Different Strokes, Different Calendar Systems

by Lynne Saarte - Date: 2007-07-31 - Word Count: 496 Share This!

A calendar is basically a device to identify certain dates and times, with the objective of reminding the user of important days and upcoming events. It may be produced through calendar printing or integrated electronically to computer systems such as the ones found in desktops, PDAs and mobile phones.

Generally, a calendar system just counts days starting from a particular reference day. Others have one or more larger units of time, and may contain one or two levels of cycles. Examples of systems of calendars integrating a year-month-day cycle are the Gregorian calendar, the Islamic calendar, and the Hebrew calendar.

In addition, the cycles are matched with certain periodic events that mark the start of each calendar year: the Lunar calendar is matched with the motion of the moon; on the other hand, a Solar calendar is based on the motion of the Sun. Still others are synchronized with that of Venus, as evidenced from ancient Egyptian calendars.

It is very common to find calendars with two or more types of cycles to mark the start of each year. A lunisolar calendar is one actual example that combines both the motions of the moon and the sun for the cycle. It tracks both the moon phase and the seasons. Examples of these systems are the Chinese calendar, Hebrew calendar, Hindu calendar, and those calendars used in ancient times.

The Solar calendar is based on the dates of each solar day- the period between sunrise and sunset followed by a period of night. Variations in the interval between two successive events (such as two sunsets) are used during the year. It may also be averaged into a mean solar day.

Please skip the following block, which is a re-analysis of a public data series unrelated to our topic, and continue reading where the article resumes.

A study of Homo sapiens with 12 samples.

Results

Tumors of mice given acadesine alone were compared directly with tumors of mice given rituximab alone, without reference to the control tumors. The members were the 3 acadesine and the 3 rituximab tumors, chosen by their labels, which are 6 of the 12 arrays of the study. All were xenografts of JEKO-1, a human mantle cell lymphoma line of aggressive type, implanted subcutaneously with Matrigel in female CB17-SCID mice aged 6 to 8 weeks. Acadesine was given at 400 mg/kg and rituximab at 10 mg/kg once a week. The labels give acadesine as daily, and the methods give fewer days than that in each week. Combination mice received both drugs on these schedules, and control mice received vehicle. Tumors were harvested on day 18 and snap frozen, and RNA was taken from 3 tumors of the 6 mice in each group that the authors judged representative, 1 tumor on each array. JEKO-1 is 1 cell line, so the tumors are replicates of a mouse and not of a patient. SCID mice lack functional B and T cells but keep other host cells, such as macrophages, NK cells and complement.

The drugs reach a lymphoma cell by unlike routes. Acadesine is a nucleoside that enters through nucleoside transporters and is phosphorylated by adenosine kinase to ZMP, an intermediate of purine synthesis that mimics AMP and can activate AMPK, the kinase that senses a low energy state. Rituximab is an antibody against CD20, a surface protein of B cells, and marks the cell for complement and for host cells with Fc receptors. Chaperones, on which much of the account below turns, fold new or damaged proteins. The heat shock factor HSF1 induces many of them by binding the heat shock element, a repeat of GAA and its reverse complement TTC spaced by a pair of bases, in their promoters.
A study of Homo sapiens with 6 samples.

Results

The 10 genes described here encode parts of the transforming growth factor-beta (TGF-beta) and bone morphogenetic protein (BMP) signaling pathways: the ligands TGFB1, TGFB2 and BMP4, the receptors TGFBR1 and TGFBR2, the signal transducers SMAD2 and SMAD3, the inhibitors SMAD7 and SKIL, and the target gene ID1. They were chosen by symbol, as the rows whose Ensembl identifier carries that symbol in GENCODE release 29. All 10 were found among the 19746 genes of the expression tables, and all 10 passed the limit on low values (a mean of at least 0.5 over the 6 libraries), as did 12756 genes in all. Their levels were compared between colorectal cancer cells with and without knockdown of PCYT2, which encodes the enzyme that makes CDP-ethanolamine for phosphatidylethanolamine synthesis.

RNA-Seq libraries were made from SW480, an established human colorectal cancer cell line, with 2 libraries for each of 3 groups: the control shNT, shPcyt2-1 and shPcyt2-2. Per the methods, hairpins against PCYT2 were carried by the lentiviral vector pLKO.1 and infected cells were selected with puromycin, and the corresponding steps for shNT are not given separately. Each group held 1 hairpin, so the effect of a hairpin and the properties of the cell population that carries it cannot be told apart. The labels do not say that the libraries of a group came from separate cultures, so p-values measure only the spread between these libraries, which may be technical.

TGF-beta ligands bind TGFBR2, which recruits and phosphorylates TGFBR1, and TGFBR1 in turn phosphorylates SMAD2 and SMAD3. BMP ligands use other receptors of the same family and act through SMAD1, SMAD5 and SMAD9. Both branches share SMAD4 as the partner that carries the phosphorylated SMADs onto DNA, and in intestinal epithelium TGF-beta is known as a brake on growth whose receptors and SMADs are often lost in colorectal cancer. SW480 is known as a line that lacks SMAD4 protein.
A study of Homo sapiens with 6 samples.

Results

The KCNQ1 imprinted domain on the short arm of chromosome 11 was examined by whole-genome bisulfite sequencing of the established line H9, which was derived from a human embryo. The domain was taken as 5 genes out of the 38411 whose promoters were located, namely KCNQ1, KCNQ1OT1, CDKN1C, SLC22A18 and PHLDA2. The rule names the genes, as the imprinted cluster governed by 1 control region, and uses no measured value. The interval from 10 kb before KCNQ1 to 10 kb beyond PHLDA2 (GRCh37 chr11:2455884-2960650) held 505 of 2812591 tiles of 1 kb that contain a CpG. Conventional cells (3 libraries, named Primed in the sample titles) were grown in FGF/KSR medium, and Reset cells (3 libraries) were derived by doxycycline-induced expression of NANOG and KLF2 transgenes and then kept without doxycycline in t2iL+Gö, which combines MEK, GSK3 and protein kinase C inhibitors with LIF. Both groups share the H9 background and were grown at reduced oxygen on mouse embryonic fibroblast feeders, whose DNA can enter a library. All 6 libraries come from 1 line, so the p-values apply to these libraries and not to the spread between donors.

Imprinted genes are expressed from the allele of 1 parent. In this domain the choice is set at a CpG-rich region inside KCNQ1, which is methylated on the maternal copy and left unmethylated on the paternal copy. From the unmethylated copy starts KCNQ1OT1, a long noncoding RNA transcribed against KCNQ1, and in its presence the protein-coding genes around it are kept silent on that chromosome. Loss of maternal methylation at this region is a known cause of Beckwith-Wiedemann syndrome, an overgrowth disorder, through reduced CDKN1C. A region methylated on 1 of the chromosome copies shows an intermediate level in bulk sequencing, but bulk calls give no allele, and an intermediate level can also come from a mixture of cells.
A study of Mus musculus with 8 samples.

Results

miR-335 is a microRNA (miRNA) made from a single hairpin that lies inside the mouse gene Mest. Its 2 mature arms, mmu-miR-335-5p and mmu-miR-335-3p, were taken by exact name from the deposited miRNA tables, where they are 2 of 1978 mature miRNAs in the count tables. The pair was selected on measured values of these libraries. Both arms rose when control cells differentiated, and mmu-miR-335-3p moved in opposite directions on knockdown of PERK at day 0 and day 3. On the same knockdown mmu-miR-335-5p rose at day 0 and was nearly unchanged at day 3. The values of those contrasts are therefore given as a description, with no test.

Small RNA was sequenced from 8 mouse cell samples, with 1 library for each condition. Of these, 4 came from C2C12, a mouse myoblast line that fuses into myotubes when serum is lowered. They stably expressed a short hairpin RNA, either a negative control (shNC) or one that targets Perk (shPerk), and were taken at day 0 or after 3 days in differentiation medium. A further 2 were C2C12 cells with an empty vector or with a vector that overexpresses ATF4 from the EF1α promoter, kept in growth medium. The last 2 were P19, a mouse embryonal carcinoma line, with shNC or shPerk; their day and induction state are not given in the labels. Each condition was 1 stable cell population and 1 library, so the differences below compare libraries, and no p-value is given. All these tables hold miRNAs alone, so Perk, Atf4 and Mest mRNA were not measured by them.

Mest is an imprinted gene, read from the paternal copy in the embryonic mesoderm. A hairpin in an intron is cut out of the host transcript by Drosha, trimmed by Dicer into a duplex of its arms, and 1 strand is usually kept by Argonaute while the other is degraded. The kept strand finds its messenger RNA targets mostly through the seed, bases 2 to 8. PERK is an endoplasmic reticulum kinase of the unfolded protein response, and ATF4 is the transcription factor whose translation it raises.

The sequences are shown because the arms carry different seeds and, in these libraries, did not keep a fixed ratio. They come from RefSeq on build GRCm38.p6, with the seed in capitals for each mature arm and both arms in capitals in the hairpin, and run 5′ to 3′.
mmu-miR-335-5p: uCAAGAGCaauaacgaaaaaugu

On the other hand, Lunar calendars use each lunar phase cycle to identify the days in the calendar. However, a "drift" is usually expected with every season. In order to correct these drifts, an extra month is added so that the calendar would again be realigned with the seasons. This may be seen in lunisolar calendars, an example of which is the Jewish calendar that has 19 year-cycles. Believed to be invented by the Cro-Magnon around 32,000 BC, the lunar calendars are considered to be the oldest ever invented. The only pure lunar calendar used today is the Islamic calendar.

One of the most popular calendars of today is the Gregorian calendar. Used by almost everyone, including China and India, it is considered as the most effective calendar based on international standards. But due to its obvious connection with Christianity, other non-Christian countries interchange the Gregorian calendar with their own religious calendars. For instance, Israel uses the Gregorian calendar for their business and day to day activities, while the Hebrew calendar is used to mark their religious celebrations. Similarly, China also applies a different calendar for their traditions and holidays.

Other systems of calendars used all over the world are the Persian calendar, Islamic calendar, Ethiopian calendar, among others.